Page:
The federal government structure in Washington, DC, is hard to ignore. U.S. children are taught about it in schools, and we hear about it regularly as elections, legislation, appointments, and the like are discussed in the news.
Less recognized, though, is that each state has a similar legislative structure. The governor is the highest elected officer, with constitutional powers that include budgetary authority, emergency resources, and even a state militia. State representatives meet in bicameral (two houses) chambers, a House and a Senate, and full agencies regulate in cabinet-level departments.
Within the boundaries of each state, based in a rich history of sovereign rights that have been dedicated to states for more than 240 years, are principles that allow the people to direct their leaders to govern as the people indicate. Hence, California passes laws that Alabama would not consider. The U.S. Constitution’s 10th amendment, often cited by states’ rights advocates, plainly affirms, “The powers not delegated to the United States by the Constitution, nor prohibited by it to the states, are reserved to the states respectively, or to the people.”
When dealing with issues that affect all people, such as sweeping laws about the national defense, transportation, the interior, and health care, the federal government takes jurisdictional authority. And in more recent years, the U.S. Supreme Court has weighed in on civil rights cases, nationalizing laws for every citizen, regardless of state laws.
But it is at the state level that public policy shifts can occur. Although the U.S. Congress grabs all the headlines with its rancor and outrageous behavior, state legislatures often go unnoticed and accomplish a great deal of legislative efficiency. More and more, national advocacy groups are finding a successful tactic in taking complex, and sometimes controversial, topics to state legislatures. Viewed as incubators for future, broader legislation, states tackle social and economic issues in a more targeted environment. If it can work at the state level, perhaps the same law can work at the federal level? Three such topics have found their way through state legislatures with some success and are important to oncology nurses.
More and more, national advocacy groups are finding a successful tactic in taking complex, and sometimes controversial, topics to state legislatures.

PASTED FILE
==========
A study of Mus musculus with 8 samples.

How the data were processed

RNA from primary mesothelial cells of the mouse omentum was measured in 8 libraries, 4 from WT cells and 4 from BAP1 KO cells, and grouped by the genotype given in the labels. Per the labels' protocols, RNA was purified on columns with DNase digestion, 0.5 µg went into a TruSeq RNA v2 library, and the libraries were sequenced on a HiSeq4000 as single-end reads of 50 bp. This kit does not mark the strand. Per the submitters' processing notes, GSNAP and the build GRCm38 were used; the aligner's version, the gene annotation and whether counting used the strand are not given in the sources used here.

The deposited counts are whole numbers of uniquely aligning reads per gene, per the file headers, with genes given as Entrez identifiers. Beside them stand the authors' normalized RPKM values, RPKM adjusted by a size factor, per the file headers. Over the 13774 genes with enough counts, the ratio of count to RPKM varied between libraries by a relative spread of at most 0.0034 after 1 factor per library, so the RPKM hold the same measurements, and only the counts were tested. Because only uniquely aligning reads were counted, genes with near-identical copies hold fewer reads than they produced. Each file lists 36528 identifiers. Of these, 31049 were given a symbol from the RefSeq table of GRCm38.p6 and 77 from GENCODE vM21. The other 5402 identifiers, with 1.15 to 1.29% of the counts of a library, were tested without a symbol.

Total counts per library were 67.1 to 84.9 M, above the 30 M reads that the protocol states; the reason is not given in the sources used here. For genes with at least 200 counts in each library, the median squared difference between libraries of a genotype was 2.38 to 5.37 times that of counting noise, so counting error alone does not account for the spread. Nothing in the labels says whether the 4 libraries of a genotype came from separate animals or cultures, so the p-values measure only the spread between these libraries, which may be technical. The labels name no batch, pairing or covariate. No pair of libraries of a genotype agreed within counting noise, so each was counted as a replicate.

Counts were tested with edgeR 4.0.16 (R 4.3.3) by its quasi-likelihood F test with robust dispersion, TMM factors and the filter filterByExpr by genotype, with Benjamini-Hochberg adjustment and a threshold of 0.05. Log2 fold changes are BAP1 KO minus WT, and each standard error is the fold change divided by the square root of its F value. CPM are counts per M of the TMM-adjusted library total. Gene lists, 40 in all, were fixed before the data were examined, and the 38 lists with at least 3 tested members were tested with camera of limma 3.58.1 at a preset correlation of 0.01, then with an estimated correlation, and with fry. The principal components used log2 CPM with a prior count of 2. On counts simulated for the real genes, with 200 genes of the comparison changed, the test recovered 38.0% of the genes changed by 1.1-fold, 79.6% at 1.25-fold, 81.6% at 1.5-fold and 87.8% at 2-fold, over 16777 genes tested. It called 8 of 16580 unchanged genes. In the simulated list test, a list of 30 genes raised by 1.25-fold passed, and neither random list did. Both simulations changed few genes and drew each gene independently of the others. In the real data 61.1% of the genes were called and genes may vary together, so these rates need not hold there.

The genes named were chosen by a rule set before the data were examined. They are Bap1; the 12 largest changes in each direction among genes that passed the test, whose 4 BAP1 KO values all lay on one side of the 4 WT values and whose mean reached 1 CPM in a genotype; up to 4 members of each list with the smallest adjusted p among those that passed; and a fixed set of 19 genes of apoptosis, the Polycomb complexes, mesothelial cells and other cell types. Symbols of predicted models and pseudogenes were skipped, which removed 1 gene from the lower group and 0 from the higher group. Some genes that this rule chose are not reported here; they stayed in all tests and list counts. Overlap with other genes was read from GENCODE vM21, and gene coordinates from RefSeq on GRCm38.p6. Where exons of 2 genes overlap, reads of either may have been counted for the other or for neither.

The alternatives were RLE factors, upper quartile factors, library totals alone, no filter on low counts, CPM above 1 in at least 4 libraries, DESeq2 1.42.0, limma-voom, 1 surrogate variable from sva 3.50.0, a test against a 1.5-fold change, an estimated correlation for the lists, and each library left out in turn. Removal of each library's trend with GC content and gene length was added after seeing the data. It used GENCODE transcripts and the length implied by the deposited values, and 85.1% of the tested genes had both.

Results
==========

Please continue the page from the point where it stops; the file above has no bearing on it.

In January 2018, U.S. Attorney General Jeff Sessions announced a new federal policy regarding marijuana. The Department of Justice reasserted the federal government’s prohibition of marijuana, overriding 29 states and the District of Columbia that have passed laws legalizing the use of marijuana, including medicinal cannabis. Until recently, it was thought that a single, federal law might be introduced to encompass the spreading support for medicinal cannabis. Next steps could be to expand the effort to more states, forcing Congress to review the subject.
Scope of Practice
Nurse licensure is handled through each state. It’s a complex regiment of 50 different bodies that generally have the same level of regulations but some very important and defining differences. Most notably, this includes codifying nurses’ scope of practice for each state: when, where, and how nurses are allowed to legally practice to the full extent of their education and experience is often up to state legislatures, with elected officials who have limited to no understanding of nurses’ abilities. Laws are passed with broad strokes and unknown implications. Nurses must be a vocal part of these discussions with their state legislators. Find out more about how you can get involved.
The day-to-day work environment for a nurse is constantly changing. Treatment and cures have advanced, but often those who administer the lifesaving drugs are themselves in harm’s way, if the drugs are handled incorrectly. The safe disposal of hazardous drugs is an issue that oncology nurses regularly face. Unknown to those outside of this environment, the National Institute for Occupational Safety and Health is promoting standards at the federal level as well as in individual states. Some state laws about hazardous drug safety have been on the books for more than 25 years but are inconsistent between states. The more rigorously healthcare workers advocate for safety, the better state elected officials understand the underlying points of the issue.
How these topics are developed and the approach with which patient advocates and healthcare providers, particularly nurses, attempt to advance the dialogue are lessons for creating a motivated and mobilized army of supporters. Unique leadership opportunities exist to make real changes in health care, and oncology nurses are at the center of these discussions. Whether at the federal or state level, as the most trusted healthcare professionals, nurses continue to make a real difference with decision makers who implement policy.